DEATH IN JUNE: Nada-ized!
Release year: 2022
Label: New European Recordings
I don’t remember exactly when, but it was already a couple of years ago that I stumbled upon Miro Snejdr’s retrosynth-style remixes of older Death In June tracks online. I reminisce, that at first they were only short snippets, until eventually a couple of full tracks popped up. At the time, I didn’t think it was anything more than a bit of fun by the Death In June collaborator, who played a significant role on the brilliant Peaceful Snow album (2010). Turns out it was a proof of concept of sorts.
Some time during the latter half of 2022, off-hand mentions of unreleased material and a new album started to pop up. However – and maybe I’m just out of the loop – it wasn’t until almost just before the publication of the album that it was officially announced. Nada-ized!, a collection of retrosynth/electro renditions of Death In June tracks.
The name of the album is an obvious reference to Nada!, the 1985 classic, which saw Death In June incorporate synthesizers and even danceable beats to their music to a higher degree than ever before or after. However, in truth, parallells to the classic album are somewhat strained and even far-fetched.
You see, there’s really nothing of the militant, stern and even gloomy feel of Nada! on Nada-ized!. Obviously, the presence of Douglas P.’s (who himself is, as everyone familiar with the band knows, Death In June) vocals anchor this album firmly to Death In June’s continuum, but the new synth arrangements themselves aren’t particularly DI6. Remove the vocals, and most of these songs would just be yer average synthwave and/or 80’s style synthpop.
So, how does Death In June gone synthwave sound? Well, the short of it is: okay. The long of it is slightly more complicated.
Inevitably, I draw comparisons to Snejdr’s other major body of reworked Death In June material, the so-called Lounge Corps stuff of instrumental piano arrangements. Personally, I love them. Snejdr manages to find a new, fresh and rich take on many classic tracks. And the Peaceful Snow album, very much defined by his piano arrangements of tracks originally written with and for acoustic guitar, is far superior to the original versions published as The Snow Bunker Tapes (2013).
Nada-Ized! fails to do the same. Whilst Snejdr’s synthwave remixes are competent in themselves, these versions offer no new significant insight or perspective on the reworked tracks. It feels like they fail to crack the shell and penetrate into the quintessence of Death In June, resulting in a somewhat shallow outcome. To put it a bit snidely, most of these remixes sound like they could’ve been made by pretty much any faceless retrosynth producer.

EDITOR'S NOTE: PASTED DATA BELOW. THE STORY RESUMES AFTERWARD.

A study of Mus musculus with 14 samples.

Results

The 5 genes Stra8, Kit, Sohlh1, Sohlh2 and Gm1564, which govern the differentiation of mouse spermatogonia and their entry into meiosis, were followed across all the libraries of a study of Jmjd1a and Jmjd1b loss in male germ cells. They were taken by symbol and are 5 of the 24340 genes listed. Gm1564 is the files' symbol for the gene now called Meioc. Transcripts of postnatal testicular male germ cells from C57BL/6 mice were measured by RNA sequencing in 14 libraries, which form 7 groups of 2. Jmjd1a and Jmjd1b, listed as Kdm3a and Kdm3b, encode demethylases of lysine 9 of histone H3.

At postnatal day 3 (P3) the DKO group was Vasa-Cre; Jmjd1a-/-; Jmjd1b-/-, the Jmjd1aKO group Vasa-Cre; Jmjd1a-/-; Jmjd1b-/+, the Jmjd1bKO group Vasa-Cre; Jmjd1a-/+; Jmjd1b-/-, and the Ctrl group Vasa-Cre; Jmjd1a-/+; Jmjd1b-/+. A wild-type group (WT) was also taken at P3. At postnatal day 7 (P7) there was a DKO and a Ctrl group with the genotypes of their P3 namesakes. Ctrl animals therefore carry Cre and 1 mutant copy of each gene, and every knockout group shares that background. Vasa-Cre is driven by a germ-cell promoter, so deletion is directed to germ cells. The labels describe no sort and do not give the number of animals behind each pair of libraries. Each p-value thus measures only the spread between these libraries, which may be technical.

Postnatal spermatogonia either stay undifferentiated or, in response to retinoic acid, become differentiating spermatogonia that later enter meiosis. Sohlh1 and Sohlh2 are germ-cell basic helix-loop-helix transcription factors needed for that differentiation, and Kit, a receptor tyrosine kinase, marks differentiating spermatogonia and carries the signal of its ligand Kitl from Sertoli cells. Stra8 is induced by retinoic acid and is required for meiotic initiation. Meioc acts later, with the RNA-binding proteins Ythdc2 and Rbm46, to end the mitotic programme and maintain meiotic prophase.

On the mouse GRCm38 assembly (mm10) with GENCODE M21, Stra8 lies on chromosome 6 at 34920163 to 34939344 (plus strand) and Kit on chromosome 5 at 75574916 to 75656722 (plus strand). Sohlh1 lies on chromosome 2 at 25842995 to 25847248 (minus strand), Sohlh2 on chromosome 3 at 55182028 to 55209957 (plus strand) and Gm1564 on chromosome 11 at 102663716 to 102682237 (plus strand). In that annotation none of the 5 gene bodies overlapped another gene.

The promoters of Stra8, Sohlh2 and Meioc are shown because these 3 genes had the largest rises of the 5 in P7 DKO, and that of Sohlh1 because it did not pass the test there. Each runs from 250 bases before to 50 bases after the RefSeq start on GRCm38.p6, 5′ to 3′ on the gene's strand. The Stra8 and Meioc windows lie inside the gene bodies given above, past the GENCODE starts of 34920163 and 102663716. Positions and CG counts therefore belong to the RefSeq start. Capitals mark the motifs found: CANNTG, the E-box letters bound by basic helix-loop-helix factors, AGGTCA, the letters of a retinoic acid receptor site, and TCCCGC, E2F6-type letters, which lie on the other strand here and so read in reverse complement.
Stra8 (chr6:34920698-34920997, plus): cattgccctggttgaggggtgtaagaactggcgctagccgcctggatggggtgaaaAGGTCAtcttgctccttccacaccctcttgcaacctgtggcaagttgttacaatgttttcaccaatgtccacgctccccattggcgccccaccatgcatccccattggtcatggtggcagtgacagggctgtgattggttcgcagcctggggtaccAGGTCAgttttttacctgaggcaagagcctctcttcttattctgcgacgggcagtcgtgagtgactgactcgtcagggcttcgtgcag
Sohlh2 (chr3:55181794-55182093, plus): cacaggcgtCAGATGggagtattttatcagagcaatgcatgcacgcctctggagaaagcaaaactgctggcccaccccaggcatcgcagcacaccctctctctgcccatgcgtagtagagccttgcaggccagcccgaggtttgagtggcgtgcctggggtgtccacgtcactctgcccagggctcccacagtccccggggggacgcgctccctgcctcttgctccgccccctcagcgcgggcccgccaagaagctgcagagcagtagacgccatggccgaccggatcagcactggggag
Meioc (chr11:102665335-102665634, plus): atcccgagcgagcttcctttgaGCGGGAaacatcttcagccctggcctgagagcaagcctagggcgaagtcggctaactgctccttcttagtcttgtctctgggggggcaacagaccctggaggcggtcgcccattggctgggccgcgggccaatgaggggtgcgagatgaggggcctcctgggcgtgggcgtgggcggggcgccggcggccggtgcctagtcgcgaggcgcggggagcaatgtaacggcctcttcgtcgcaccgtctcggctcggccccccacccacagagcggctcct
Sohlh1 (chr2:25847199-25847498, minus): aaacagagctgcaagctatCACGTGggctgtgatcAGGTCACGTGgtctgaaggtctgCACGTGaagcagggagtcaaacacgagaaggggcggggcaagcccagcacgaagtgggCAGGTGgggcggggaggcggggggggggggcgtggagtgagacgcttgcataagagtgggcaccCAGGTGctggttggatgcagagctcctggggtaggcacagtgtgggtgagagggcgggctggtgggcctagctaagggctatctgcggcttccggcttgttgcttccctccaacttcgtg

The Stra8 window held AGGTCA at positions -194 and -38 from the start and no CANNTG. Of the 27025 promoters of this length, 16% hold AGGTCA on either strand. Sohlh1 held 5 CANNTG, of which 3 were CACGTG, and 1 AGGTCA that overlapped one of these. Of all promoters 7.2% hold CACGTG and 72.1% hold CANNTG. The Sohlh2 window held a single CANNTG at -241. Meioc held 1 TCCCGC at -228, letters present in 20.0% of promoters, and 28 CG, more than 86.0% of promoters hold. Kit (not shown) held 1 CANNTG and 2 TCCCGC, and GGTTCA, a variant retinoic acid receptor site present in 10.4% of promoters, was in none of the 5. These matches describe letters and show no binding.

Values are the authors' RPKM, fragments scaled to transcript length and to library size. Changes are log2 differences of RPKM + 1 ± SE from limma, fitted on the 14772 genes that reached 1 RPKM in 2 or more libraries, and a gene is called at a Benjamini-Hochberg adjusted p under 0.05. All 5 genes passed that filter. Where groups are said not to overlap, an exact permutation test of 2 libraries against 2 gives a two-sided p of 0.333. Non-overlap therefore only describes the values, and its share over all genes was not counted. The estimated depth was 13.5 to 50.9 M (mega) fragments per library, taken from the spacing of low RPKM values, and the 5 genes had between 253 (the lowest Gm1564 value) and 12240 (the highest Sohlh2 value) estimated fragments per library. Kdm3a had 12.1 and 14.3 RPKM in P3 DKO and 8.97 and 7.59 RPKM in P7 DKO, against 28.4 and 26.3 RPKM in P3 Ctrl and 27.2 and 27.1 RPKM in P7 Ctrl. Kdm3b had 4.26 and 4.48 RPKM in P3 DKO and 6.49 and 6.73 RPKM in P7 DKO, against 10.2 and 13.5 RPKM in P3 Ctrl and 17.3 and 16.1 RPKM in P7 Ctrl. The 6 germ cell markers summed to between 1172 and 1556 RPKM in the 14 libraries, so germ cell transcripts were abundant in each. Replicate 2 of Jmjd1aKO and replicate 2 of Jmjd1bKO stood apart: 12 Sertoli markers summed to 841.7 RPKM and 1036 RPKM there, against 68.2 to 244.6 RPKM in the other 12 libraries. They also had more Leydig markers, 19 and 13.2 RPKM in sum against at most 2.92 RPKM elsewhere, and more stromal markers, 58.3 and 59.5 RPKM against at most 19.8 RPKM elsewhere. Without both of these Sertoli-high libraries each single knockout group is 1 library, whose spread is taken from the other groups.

There are some exceptions, though. The album kicks off on a surprisingly positive note with a low-key cyberpunk rendition of A Nausea (originally from Peaceful Snow), and closes with a highly danceable, arpeggio-bass led version of Last Europa Kiss (from the all-acoustic The Rule Of Thirds, 2008). I don’t know if either offer a significant new interpretation of the original tracks – probably not – but I genuinely like both of these and don’t mind spinning them.
So, the bottom line is pretty much this: okay, but kind of redundant. I sit here listening to the album, not minding doing it, but at the same time wondering why I’d ever listen to these remixes instead of the original tracks. And can’t think of a single reason why. That’s pretty much what Nada-ized! boils down to, and where it, as an album release, falls short.
I don’t really know whether to like or dislike the fact that the track selection heavily leans on latter day Death In June. Five out of eleven tracks are from the latest album Essence (2018), three from Peaceful Snow and two from The Rule Of Thirds. That leaves one track: Heaven Street is of course the very earliest Death In June material, and the pounding 90’s eurodance rendition honestly does the track no justice. At any rate, this selection ensures there’s no reason for casual listeners to pay much heed to this album; whoever wants a danceable rendition of Little Black Angel should look elsewhere.
The final verdict, then.
Nada-ized! isn’t a bad release in the sense that it’d be torture to listen to. It doesn’t induce a gag reflex. But it doesn’t awe one either. Most of all, it just feels redundant. Had these tracks been made available as a free digital-only album or as a bonus disc to some other release, one might have approached them with the lightness of heart they deserve and require. But as a standalone album release… meh. Good for one slightly a- or bemused spin, after that Nada-ized! will most likely be relegated to gathering dust.